The Duke University Program in American Grand Strategy hosted a discussion featuring Karl Rove, deputy chief of staff and senior advisor to President George W. Bush, and Jim Messina, former deputy chief of staff and campaign manager for President Barack Obama.
During the event, which was moderated by Peter Feaver, professor of political science and public policy, Rove and Messina said that this campaign season is unlike any other they had experienced. Both noted that Trump's chances for winning the election are slim, and Messina explained that his team’s most recent predictions give Clinton an approximately 94 percent chance of victory.
“The thing that scares the hell out of me… is to have one member, of any party, say that they won’t accept the outcome of the election," Messina said. "I think democracy has only worked when you put [the finished election] aside and go on and work together. Now you have a nominee saying, even if he loses, he might not say [the election] is okay. Two-thirds of all Republicans say the election might be stollen from them. That’s an incredibly divisive development, which could change our democracy in a really scary way.”
Both veteran political operatives spent time speculating about how the U.S. would move forward after election day, with Rove noting that both Republican and Democratic parties will have to adapt following the close of the 2016 election.
Rove also explained that the controversy surrounding this election is nothing new in American politics.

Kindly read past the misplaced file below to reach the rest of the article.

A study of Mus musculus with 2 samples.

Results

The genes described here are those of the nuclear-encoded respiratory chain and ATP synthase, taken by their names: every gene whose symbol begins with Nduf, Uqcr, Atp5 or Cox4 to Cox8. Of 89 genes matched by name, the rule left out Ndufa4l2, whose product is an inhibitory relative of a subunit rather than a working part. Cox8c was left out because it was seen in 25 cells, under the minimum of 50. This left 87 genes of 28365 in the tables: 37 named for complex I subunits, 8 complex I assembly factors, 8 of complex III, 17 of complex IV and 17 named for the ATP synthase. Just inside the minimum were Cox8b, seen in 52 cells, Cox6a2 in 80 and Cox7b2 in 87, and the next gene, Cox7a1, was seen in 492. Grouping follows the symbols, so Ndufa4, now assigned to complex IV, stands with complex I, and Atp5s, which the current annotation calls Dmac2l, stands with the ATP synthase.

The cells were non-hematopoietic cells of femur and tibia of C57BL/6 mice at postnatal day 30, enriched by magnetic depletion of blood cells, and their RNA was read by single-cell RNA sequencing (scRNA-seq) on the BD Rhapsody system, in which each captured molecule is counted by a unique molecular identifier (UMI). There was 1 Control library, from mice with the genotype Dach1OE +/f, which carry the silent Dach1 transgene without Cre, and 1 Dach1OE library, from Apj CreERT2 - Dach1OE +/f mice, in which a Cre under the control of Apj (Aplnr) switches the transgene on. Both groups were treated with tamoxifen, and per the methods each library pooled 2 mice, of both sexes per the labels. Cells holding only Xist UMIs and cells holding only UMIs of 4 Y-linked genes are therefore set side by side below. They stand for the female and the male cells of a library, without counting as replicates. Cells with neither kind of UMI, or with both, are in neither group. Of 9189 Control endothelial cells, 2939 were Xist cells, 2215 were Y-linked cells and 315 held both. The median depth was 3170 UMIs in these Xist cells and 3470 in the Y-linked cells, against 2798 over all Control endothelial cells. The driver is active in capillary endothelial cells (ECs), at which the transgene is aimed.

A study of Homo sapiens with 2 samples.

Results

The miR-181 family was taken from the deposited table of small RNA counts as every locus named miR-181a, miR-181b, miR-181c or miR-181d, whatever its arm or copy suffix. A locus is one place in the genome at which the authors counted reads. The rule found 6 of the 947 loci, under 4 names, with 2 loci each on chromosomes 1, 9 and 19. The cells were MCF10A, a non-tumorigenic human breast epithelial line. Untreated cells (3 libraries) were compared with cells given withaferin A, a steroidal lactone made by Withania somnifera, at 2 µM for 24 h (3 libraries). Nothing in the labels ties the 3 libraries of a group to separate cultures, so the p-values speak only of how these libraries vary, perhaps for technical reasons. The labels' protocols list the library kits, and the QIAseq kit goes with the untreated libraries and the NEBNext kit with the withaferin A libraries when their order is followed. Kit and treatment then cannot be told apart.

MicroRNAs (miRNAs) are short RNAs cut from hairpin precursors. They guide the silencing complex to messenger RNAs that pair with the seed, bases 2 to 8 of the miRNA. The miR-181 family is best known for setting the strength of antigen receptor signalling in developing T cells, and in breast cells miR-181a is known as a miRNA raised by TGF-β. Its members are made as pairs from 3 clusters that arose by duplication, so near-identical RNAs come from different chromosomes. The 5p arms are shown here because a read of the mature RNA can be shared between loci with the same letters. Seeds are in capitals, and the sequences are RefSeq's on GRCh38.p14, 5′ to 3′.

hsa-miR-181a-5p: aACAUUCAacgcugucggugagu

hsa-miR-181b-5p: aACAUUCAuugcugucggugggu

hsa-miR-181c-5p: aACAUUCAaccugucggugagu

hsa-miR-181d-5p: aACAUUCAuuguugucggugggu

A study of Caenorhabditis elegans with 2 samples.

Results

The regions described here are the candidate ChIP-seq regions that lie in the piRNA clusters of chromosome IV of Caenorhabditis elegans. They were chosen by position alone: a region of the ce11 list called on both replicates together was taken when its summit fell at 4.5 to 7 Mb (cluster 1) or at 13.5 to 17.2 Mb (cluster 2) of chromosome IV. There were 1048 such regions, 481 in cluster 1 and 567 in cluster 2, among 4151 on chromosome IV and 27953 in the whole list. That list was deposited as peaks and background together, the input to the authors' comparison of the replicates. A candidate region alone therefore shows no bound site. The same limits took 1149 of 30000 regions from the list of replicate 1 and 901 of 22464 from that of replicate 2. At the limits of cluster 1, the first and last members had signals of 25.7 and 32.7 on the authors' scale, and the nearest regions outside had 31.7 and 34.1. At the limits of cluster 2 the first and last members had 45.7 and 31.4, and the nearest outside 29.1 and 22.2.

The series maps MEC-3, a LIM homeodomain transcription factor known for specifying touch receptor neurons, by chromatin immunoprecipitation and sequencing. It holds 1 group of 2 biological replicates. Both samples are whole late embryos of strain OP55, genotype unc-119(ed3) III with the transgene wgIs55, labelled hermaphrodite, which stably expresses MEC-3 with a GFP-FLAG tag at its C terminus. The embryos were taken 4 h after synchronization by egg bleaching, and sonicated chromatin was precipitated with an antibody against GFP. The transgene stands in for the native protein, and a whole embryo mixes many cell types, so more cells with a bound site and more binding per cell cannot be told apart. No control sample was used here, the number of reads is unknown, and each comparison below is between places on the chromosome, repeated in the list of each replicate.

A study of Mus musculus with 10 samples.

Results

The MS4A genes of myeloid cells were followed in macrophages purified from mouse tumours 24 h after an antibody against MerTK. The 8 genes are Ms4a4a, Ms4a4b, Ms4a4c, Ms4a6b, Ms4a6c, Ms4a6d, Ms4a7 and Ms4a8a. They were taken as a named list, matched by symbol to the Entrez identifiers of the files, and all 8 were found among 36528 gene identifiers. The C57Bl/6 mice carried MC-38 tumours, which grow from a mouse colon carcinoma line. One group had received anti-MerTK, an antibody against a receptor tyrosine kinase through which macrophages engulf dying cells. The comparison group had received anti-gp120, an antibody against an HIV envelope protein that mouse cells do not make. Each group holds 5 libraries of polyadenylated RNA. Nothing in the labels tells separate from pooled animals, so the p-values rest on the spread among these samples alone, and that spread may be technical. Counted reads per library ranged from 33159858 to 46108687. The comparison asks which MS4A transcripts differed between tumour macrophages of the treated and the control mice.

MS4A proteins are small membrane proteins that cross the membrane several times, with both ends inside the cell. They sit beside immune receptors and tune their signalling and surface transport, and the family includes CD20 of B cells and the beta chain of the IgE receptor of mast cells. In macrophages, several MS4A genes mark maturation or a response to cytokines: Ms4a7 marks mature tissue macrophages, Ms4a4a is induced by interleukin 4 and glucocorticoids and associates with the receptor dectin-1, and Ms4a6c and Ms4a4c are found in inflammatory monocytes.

"Don’t kid yourself—we have been highly polarized before and we will be highly polarized again," he said. "Do not think that we are in a new situation. Go take a look at the 1800 election—you think it’s ugly today? Go see what they were saying in the 1800 election.”
Although Rove recently said on Fox News Sunday that a Trump victory was something he “didn’t see happening,” he is not abandoning the Republican cause this election. Rove was quick to contest Messina’s predictions that Democrat Roy Cooper would defeat sitting Republican Gov. Pat McCrory in this year's North Carolina gubernatorial race, as well as Messina’s speculations that the Democrats will score a U.S. Senate seat from the state.
However, both expressed uncertainty about where the GOP will go after the election—particularly what role Trump will play.
“He’s got fourteen million [Twitter] subscribers, and he will have allies [after the election]… who understand social networks," Rove said. "So the question will be, what does he want to do?”
When asked how Clinton will govern if elected president, Messina had a more definitive answer.
“[Clinton’s] history as a senator was bipartisan, working across party lines," he said. "That’s the way her husband governed, and that’s what she says she’ll do.”
Although Messina did not deny the magnitude of Trump’s base—noting his social media following is second only to President Obama—he said he does suspect that GOP leaders will toss Trump aside after the election.